What is Multiple Chemical Sensitivity?
Multiple chemical sensitivity, also known as MCS, can best be described through a scenario. Let’s say that you get on the subway and sit next to someone that has a lovely smelling perfume or cologne on. Although it smells nice, it is also very strong and suddenly your eyes begin to water and you begin to sneeze uncontrollably. After getting off the subway, you pass a florist on the street that is spraying his flowers with pesticides. This also makes your eyes water and forces you to sneeze constantly. This is an example of what a person with MCS goes through. MCS is a world-wide health problem that is caused by our toxic environment. It is characterized by an extreme sensitivity to chemicals.
Symptoms of MCS
A person with MCS may have an immediate or delayed reaction to chemicals. Because there are so many symptoms associated with MCS, it is often misdiagnosed. Listed below are some of the symptoms that may occur after being exposed to chemicals.
- Difficulty breathing
- Neurological problems
- Joint pain
- Short-term memory loss
- Visual changes
- Dysfunctions of senses
- Loss of smell
- Sinus congestion
- Burning eyes and throat
- Digestive problems
- Irregular heart beat
- Behavioral changes
Challenges Associated with MCS
When you are living with MCS, it seems as if the world is out to get you. Even chemicals within your own home can upset your body and cause all or some of the above mentioned symptoms. Formaldehyde is a chemical that enters the air you breathe inside of your home from laminated furniture, carpet, plastic, insulation and adhesives. Other dangerous chemicals such as household cleaners, solvents, pesticides and lawn chemicals can also get into the air in your home. In order to remove these chemicals and breathe easy, it is recommended that someone with MCS have an air purifier to continually clean the air of harmful chemical contaminants and odor.
Many personal care products have synthetic chemicals in them that can onset symptoms that could affect your health long-term. To prevent these reactions, a person with MCS might use irritant free products.
Most people with MCS find that the food they ingest is another key source of chemical exposure. For many, switching to organic food makes a difference in their overall health. MCS sufferers should pay close attention to the food labels though. Many are not yet FDA approved. Make sure that your selection is organic and not just “all natural”. The organic food market has dramatically increased in the past few years. More people are turning to it for healthcare reasons and because it is making some feel better and have more energy.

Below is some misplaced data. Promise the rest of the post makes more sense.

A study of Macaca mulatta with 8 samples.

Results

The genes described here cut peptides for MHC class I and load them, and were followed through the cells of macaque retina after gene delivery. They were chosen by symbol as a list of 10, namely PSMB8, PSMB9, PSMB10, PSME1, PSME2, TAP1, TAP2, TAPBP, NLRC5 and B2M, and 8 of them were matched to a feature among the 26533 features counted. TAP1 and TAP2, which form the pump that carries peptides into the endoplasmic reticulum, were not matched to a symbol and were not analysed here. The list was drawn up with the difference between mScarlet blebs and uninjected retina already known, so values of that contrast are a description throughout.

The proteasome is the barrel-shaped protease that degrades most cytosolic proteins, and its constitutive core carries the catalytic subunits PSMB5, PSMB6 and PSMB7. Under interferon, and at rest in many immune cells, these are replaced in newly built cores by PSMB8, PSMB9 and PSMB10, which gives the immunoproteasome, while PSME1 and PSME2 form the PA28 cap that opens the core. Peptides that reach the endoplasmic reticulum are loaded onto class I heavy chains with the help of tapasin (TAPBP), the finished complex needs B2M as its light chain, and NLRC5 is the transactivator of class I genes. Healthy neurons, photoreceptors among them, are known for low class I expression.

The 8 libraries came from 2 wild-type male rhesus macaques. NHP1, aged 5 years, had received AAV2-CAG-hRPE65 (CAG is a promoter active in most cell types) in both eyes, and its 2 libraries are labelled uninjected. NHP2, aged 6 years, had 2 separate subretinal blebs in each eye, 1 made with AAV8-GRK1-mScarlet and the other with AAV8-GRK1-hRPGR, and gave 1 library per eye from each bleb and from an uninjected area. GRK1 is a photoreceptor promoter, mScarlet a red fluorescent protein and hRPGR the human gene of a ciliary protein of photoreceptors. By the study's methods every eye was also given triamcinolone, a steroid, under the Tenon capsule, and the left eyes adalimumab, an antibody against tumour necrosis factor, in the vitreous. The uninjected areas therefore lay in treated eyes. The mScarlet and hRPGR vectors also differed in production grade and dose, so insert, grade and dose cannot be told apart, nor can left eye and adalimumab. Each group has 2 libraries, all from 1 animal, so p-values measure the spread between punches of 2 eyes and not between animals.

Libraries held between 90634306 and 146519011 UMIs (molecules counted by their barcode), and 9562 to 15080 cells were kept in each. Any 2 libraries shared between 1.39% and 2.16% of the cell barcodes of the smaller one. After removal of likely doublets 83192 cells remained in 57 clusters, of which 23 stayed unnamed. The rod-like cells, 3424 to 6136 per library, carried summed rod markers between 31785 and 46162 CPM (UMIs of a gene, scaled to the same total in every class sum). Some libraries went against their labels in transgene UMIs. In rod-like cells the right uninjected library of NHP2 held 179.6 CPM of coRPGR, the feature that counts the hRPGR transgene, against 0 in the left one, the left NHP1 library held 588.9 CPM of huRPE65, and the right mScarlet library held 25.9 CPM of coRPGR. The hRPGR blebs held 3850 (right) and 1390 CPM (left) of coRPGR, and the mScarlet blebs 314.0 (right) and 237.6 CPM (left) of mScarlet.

How to Survive MCS
The key to surviving MCS is to stay away from substances that will trigger the onset of symptoms and to improve your indoor air quality. Some people are so sensitive to so many different chemicals that they do not allow synthetic materials in their homes. Others know what chemicals onset the symptoms and are able to avoid them more easily.
MCS patients can take advantage of Smelleze® Reusable Deodorizer Pouches. They clean your air by absorbing toxic odors and indoor air pollutants without covering up with harmful fragrances or chemicals. These hazardous chemical odors and contaminants are given off from a wide variety of products and can be harmful to your health. They include mothballs, paint, solvents, pesticides, fragrances such as perfumes and air fresheners, adhesives, smoke, dry-cleaned clothes, and cleaning agents, to name a few. Researchers say that these types of chemicals and odors can cause a number of medical problems, including MCS and respiratory problems.
Organic bedding, natural personal care products, organic food and air cleaners like Smelleze® will be an MCS sufferer’s best friends. Even if you do not have MCS, please remember that these toxins enter your body just like everyone else’s. MCS can develop at any time. Staying away from these toxic chemicals will help you to achieve a healthier immune system and avoid MCS.
Louise Baker is a freelance blogger and journalist who writes for Zen College Life, the directory of higher education, distance learning, and online schools. She most recently wrote about the top online colleges.